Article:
Responding to George Floyd as Christians
Last Friday (June 5th) I shared a short lesson at our Friday Morning Men’s Group meeting for our church, which continues to meet virtually (via Zoom) because of COVID-19. A 21 minute recording of my lesson (NOT including our opening prayer / joys & concerns / devotional, breakout table talk time or closing sharing time / prayer) is linked below, along with the slides I shared.
This was and is an important conversation, and it was challenging to put together in-part because of the polarized society in which we live. Like our wider church family, our Friday Morning Men’s Group includes a cross-section of people with varying perspectives and opinions about politics and current events. Generally we do not directly address political topics in our group, we focus on Bible lessons and teaching. I believe it was appropriate and indeed vital that we talk about these issues together, however, and our ‘leadership team’ for our group which met on Tuesday had consensus on this.
I have not received much feedback on this lesson and these ideas yet, but the limited feedback I have heard surprised me. At least one member of our group found the opening article I shared, which was an op-ed written by Kareem Abdul-Jabbar, to be offensive “hate propaganda.” (“Op-Ed: Kareem Abdul-Jabbar: Don’t Understand the Protests? What You’re Seeing Is People Pushed to the Edge.” Los Angeles Times, 31 May 2020. www.latimes.com, https://www.latimes.com/opinion/story/2020-05-30/dont-understand-the-protests-what-youre-seeing-is-people-pushed-to-the-edge.)
My intention in starting with this article and reading directly from it was certainly not to share “propaganda” of any kind, and certainly not ‘hate propaganda.’ One of the last things I want to do with anything I say or share is to encourage hate or a perception that I am promoting hate. To the contrary, my purpose was to share Jesus and share love, and to encourage us all (myself included) to listen with intention to the voices of others in our community and nation so we can better understand and better ascertain how we can better understand and should respond in this time of upheaval.
I was surprised this article and these words from Kareem Abdul-Jabbar were perceived in such a different way than I read and heard them, by at least some in attendance. My purpose was to share the perspective of an articulate and well-respected African-American / black American whose perceptions of both our society and culture, and the specific events involving George Floyd’s death, are different from my own. We all look at the world from own own vantage point. There is a great deal I do not understand about the world and about current events, but I definitely DO know that I can’t and don’t see the world the exact same way others do. This is not only true for my brothers and sisters of color, but also true for “other white men” who are hearing about and watching the same events happening in other parts of our country and world, as well as in our own community in Oklahoma City.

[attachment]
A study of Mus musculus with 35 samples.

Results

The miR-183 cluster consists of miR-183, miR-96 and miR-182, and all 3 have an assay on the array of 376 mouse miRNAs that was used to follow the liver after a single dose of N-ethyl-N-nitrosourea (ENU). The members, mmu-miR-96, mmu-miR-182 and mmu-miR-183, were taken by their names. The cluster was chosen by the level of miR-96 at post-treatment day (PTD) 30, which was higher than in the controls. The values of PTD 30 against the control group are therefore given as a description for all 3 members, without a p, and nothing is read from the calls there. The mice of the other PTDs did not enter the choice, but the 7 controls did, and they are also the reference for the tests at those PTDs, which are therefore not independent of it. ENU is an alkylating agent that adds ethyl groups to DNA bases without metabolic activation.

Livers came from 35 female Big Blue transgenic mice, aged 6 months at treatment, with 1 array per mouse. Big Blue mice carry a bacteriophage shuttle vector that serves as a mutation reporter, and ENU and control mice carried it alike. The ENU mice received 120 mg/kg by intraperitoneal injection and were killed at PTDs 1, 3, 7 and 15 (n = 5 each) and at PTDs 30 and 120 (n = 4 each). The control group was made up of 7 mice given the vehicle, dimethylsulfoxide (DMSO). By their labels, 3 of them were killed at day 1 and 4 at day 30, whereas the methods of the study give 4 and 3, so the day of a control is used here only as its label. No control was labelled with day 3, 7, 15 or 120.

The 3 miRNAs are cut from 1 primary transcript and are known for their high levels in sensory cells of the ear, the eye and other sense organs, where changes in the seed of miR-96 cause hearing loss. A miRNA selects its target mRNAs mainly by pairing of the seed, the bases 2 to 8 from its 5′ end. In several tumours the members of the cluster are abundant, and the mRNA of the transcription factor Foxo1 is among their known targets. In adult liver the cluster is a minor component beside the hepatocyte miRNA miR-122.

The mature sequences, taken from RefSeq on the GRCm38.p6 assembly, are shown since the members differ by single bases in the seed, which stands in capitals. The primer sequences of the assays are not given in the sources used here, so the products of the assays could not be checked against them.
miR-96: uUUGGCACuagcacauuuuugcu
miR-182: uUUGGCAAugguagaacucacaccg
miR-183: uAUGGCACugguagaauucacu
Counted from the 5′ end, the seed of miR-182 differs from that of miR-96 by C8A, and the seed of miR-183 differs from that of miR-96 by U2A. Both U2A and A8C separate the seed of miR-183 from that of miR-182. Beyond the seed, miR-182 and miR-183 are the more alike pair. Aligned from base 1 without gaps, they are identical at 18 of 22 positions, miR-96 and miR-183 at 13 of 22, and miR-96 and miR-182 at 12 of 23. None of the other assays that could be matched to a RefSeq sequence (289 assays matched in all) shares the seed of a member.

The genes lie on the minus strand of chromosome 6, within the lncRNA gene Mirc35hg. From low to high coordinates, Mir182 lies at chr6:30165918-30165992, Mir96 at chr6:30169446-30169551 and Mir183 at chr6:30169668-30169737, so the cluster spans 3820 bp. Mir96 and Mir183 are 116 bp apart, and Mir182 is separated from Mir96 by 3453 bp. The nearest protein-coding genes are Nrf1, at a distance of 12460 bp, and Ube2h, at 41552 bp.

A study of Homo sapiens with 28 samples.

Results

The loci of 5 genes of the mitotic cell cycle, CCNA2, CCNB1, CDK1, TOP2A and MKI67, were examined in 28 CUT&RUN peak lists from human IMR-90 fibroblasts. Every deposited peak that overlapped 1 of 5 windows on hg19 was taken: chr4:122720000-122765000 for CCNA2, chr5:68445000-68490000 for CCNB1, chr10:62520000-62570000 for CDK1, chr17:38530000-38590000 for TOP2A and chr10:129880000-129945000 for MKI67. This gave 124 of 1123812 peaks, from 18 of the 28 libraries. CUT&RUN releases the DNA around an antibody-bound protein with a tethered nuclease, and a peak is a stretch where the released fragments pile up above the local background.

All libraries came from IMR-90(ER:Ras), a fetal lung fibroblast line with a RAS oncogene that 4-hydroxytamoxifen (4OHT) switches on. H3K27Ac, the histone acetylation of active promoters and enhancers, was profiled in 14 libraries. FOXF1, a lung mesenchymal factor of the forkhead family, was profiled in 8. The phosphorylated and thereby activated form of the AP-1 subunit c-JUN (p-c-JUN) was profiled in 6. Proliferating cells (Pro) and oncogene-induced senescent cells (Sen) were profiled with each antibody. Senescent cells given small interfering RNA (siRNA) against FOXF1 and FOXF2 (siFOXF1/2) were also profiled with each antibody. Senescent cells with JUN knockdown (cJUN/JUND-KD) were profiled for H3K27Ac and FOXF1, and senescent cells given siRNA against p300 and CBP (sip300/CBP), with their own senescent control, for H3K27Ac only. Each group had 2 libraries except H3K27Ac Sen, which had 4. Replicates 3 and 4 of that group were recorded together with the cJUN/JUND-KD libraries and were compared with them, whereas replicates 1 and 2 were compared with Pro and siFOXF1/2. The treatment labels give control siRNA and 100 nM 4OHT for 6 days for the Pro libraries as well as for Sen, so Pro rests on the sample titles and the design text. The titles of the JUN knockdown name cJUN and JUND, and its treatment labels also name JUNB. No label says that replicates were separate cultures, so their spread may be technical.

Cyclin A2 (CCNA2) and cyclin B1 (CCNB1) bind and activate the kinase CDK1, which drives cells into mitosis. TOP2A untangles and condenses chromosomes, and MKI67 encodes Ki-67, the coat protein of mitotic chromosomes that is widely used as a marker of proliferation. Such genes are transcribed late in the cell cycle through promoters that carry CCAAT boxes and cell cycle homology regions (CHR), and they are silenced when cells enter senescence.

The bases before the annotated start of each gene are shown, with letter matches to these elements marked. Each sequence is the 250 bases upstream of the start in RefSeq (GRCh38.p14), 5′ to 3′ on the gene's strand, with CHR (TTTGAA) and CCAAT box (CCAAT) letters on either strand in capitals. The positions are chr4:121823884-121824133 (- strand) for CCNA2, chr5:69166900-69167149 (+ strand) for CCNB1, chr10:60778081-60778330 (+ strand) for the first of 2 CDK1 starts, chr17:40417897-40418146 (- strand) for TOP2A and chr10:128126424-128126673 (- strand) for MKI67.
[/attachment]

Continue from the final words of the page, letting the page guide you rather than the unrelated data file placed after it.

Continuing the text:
I am hopeful that in the not-too-distant future, there will be face-to-face opportunities to discuss these issues. I certainly had not planned (before last week) to present a Men’s Group lesson which would directly address race relations in our nation. This is not, incidentally, a topic which I feel overqualified to speak about publicly. But this was and is a situation and issue which we all need to discuss and process, and hopefully figure out how to explore together even when we disagree.
There is much to process here. I did not have time to share this video during our lesson on Friday, but I did include it in the slideshow and commented about it to the men in our group Friday. This is Pastor Jim Cymbala (of The Brooklyn Tabernacle in NYC) sharing a short, 3.5 minute mid-week message with his congregation about George Floyd’s killing and our responses as Christians. I heartily agree with his point that we must put our ultimate faith and trust in God, not in other human beings, in this time and always.
In addition, I want to share and commend two other videos. This first one is the panel discussion at our church from June 2nd with Larry T. Crudup of Tabernacle Baptist Church, Rev. Dr. Major Lewis Jemison of St. John’s Missionary Baptist Church in OKC, and D. Lavel Crawford of Avery Chapel AME Church. Pastor Eric Laverentz from our church (First Presbyterian of Edmond) facilitated the conversation. This was an outstanding dialog and I plan to watch it again. Our family was able to watch it live at lunch together on Tuesday.
Finally, here is another panel discussion video about these issues, shared by Herman Stevenson, who is a member of our Friday Morning Men’s group and also participated in the panel. Panelists included Nathan Phifer, Herman (Steve) Stevenson, Jason Robinson, and Derrick Sier. Nathan’s purpose in organizing this panel was to build empathy and understanding among members of our Oklahoma City community.